Seventeen years ago, PayPal was founded as a way for people to conduct financial transactions on the internet. Since then, the payment processing company has explored how it can expand its impact, not only on the web, but also on mobile. By offering numerous ways to pay, PayPal hopes to be perceived as the payment back-end, giving consumers and merchants the freedom and convenience they expect.

At a press event, Bill Ready, senior vice president of global product and engineering at PayPal, remarked that there’s been an uptick in usage of the company’s solution. The Interactive Advertising Bureau said in 2015 that 50 percent of shoppers researched products on their mobile device, but Ready highlighted that only 16 percent actually made a purchase there. “You have a mobile shopping gap,” he admitted.

Part of PayPal’s effort to increase mobile transactions involves its One Touch payment platform that launched last year. Since then, adoption has been on the rise, with the company calling it the “most rapidly adopted product in PayPal’s history.” Arnold Goldberg, the company’s vice president of global merchant product and technology, revealed that by the end of this year, One Touch will be used by more than 36 million consumers and 5 million merchants worldwide. It’s now available in 144 merchant markets and 200 consumer markets, having achieved global reach in 6 months.

One Touch payment streamlines the checkout process, something that had previously eluded PayPal. Now, instead of having to enter your billing information repeatedly, you can elect to stay logged in — something that can be a relief to those using a mobile device. To use One Touch, you’ll need to opt in with your PayPal account. Once the feature is enabled, look for the Stay Logged In checkbox when checking out with PayPal to confirm that you have access.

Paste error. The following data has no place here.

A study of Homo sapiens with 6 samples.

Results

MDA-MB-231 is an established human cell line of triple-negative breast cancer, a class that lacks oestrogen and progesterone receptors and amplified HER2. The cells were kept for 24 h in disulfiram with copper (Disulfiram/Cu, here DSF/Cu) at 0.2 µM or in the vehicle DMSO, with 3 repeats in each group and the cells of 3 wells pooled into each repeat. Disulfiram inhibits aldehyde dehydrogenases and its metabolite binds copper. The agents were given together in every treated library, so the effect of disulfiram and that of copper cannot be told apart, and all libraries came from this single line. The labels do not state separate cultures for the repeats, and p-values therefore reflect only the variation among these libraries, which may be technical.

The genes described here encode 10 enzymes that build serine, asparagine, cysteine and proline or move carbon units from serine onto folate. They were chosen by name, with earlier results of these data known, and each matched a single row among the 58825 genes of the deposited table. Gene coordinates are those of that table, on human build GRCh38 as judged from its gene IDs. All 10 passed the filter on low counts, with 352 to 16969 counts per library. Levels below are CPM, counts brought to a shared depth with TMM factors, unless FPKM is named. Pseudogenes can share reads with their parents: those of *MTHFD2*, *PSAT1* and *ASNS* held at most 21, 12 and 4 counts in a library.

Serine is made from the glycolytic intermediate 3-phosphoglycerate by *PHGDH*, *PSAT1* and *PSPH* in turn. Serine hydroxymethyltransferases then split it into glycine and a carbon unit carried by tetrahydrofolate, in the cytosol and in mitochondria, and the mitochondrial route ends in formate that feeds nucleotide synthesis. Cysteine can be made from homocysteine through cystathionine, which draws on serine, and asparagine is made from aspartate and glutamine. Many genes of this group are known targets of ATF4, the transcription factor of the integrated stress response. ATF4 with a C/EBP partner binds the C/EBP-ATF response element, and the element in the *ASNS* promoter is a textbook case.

The service is available in Europe, Australia, the U.S., and many more markets.

Other announcements include integrations with Visa and MasterCard, two credit card providers that PayPal recently formed strategic partnerships with. “If you pick a Visa or MasterCard (to pay with), we’ll honor the choice, versus in the past where we may honor the choice — it depended on the situation,” Goldberg said. What this means is that consumers will be able to dictate their preferred payment type beyond PayPal’s default sources. This capability will roll out in the U.S. at the end of September and will expand worldwide in Q1 of next year.

Lastly, PayPal-owned developer platform Braintree has added five new payment methods, allowing developers and merchants to use Apple Pay on the web, Masterpass, Visa Checkout, Union Pay, and PayPal Credit. In doing so, the platform is giving third-party applications the freedom to scale their transactional offering.